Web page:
Although Sonoma County apartment rents have stabilized, they're still too high for many families
Cesar Esquieres, 25, and his parents went apartment hunting last week, hoping to find a nice two-bedroom unit for about $200 less than the rent they’re paying for an apartment community in southeast Santa Rosa.
Esquieres, a student at Sonoma State University studying business and marketing, said one of the apartments was outdated but listed at almost the $2,200 a month that he, his mother and father are now paying. Two-bedroom apartments they visited at a newer complex in west Santa Rosa were priced higher.
“In a perfect world, I would love to get a less expensive, two-bed going for $2,000 minimum,” he said. “But that’s not possible in this area.”
Property managers say apartment rents in Sonoma County have stopped the dramatic monthly increases that followed the October 2017 wildfires and subsequent housing market upheaval. There are even areas where rents have begun to decline.
Like countless other working-class households in the North Bay, the Esquieres family is thankful rents have stabilized, yet the monthly cost of renting a home continues to be a severe financial burden. The average monthly rents in the county last fall were $1,780 for a one-bedroom, one-bathroom apartment, $1,940 for a two-bedroom, one-bathroom unit and $2,258 for a two-bedroom, two-bathroom unit, according to Scott Gerber, managing director of Meridian Commercial Property Management in San Rafael.
Half of the county’s roughly 73,000 renting households pay more than one-third of their gross monthly income on rent, according to the latest U.S. Census estimates. And for many county residents, 50 percent or more of their monthly income goes to pay rent.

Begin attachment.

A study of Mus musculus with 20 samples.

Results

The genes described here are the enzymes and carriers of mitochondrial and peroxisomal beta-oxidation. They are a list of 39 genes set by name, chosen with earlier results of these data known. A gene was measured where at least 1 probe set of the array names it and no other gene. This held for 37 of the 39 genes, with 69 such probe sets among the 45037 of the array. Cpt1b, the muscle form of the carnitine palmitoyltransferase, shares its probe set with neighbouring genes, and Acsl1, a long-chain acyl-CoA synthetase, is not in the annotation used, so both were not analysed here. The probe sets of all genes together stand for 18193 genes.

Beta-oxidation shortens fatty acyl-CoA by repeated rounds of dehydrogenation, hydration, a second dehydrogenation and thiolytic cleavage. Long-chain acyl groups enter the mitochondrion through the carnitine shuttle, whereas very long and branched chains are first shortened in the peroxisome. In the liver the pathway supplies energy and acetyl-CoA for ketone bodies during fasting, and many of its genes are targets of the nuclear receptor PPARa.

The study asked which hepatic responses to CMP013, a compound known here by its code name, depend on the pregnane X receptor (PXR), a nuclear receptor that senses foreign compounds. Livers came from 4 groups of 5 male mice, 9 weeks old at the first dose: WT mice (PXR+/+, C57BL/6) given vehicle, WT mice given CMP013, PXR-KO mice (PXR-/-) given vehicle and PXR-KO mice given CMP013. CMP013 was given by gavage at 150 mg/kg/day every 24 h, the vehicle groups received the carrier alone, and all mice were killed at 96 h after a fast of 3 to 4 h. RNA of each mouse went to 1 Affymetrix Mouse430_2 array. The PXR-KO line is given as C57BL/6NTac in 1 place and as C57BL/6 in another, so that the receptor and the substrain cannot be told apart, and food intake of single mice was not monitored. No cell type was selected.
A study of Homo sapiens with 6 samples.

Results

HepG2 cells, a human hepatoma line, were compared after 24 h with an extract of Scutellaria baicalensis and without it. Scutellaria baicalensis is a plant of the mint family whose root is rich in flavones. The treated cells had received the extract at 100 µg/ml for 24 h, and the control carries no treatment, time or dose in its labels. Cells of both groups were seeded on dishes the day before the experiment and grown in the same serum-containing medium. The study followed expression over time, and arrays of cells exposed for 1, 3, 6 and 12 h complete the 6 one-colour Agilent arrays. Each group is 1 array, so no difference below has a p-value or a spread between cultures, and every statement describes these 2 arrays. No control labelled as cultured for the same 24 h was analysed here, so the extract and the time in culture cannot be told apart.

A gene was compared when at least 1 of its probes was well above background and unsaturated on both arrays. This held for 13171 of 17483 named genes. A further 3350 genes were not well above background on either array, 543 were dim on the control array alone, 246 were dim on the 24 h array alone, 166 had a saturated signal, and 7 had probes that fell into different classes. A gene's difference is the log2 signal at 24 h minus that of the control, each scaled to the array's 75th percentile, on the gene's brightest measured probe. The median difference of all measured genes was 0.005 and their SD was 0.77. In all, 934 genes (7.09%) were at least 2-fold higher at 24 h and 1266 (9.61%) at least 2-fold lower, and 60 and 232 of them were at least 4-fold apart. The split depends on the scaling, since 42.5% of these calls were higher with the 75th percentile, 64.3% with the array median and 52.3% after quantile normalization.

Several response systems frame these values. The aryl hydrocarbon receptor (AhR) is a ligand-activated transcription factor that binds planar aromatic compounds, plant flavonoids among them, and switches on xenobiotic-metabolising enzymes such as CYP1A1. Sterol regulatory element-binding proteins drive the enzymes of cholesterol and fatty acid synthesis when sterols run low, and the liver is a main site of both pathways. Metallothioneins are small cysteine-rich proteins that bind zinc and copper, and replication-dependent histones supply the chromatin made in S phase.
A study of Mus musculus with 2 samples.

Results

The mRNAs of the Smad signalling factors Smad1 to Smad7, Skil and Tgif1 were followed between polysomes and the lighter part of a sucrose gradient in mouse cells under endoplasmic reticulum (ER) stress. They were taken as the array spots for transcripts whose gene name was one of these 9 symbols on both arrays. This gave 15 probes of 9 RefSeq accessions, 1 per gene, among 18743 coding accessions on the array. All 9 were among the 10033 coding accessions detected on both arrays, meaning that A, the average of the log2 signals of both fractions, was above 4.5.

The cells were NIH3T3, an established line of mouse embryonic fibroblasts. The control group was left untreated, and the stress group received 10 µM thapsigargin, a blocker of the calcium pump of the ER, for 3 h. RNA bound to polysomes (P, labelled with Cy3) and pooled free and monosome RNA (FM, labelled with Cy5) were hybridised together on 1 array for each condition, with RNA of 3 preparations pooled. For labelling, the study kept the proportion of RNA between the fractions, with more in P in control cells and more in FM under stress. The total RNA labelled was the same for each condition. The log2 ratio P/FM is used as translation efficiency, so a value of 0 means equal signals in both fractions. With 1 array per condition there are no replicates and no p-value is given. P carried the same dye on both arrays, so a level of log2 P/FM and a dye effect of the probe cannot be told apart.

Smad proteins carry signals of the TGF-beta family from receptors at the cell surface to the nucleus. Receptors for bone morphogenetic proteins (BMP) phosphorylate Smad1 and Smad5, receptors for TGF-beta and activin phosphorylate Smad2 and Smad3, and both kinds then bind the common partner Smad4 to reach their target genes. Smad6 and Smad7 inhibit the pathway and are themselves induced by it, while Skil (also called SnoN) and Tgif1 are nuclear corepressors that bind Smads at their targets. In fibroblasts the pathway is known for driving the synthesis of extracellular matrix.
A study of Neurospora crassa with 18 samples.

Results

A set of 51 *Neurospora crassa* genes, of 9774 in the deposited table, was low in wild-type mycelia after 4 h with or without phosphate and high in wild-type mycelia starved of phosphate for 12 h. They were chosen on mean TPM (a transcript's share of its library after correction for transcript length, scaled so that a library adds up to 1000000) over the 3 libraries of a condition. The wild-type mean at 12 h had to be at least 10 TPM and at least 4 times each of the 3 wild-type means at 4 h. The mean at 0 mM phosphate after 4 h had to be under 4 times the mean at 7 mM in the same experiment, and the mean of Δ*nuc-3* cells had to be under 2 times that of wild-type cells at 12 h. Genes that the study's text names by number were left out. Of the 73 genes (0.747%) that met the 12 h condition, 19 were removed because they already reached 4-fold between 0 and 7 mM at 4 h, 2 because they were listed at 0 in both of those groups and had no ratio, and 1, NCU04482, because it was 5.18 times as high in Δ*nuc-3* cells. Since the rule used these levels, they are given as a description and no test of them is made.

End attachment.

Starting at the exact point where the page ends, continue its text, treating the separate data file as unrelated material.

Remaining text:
Gerber, who surveys more than 18,000 rental units in Marin and Sonoma twice a year, said monthly apartment rents are now stable and, in some cases, declining because there’s been pushback from renters.
In Sonoma County, as of October, he said rents had increased by 4 percent from a year ago and vacancies were about 4 percent. Over the winter, the rental market got “really soft” and rents at the high end started flattening out and declining, he said.
“Two years ago, no one was decreasing rents,” Gerber said. “We had a little dip in the winter.”
That dip could be a signal the apartment rental market “has peaked and is stabilizing” to the point in which inventory is approaching a 5 percent vacancy rate, he said. He predicted monthly rents countywide would increase 2 to 3 percent and vacancy rates to “bounce around 4 to 5 percent,” a sign the housing shortage appears to be easing somewhat.
Property managers say the price increases at the upper end of the rental market are declining in the second year after the fires. It’s the lower end of the market in which increases still are occurring.
Construction of new units also has helped to stabilize the apartment rental market.
Gerber’s recent data show that 871 new apartments have been built in Sonoma County, with another 1,734 units either approved or proposed as local cities and towns continue to streamline their building approval processes to help resolve the local housing affordability crisis.
“You’re going to be seeing significantly more availability than you did 12 months ago,” he said. “I’m not characterizing it as a renter’s market, but it’s more of a renter’s market than it has been in five years.”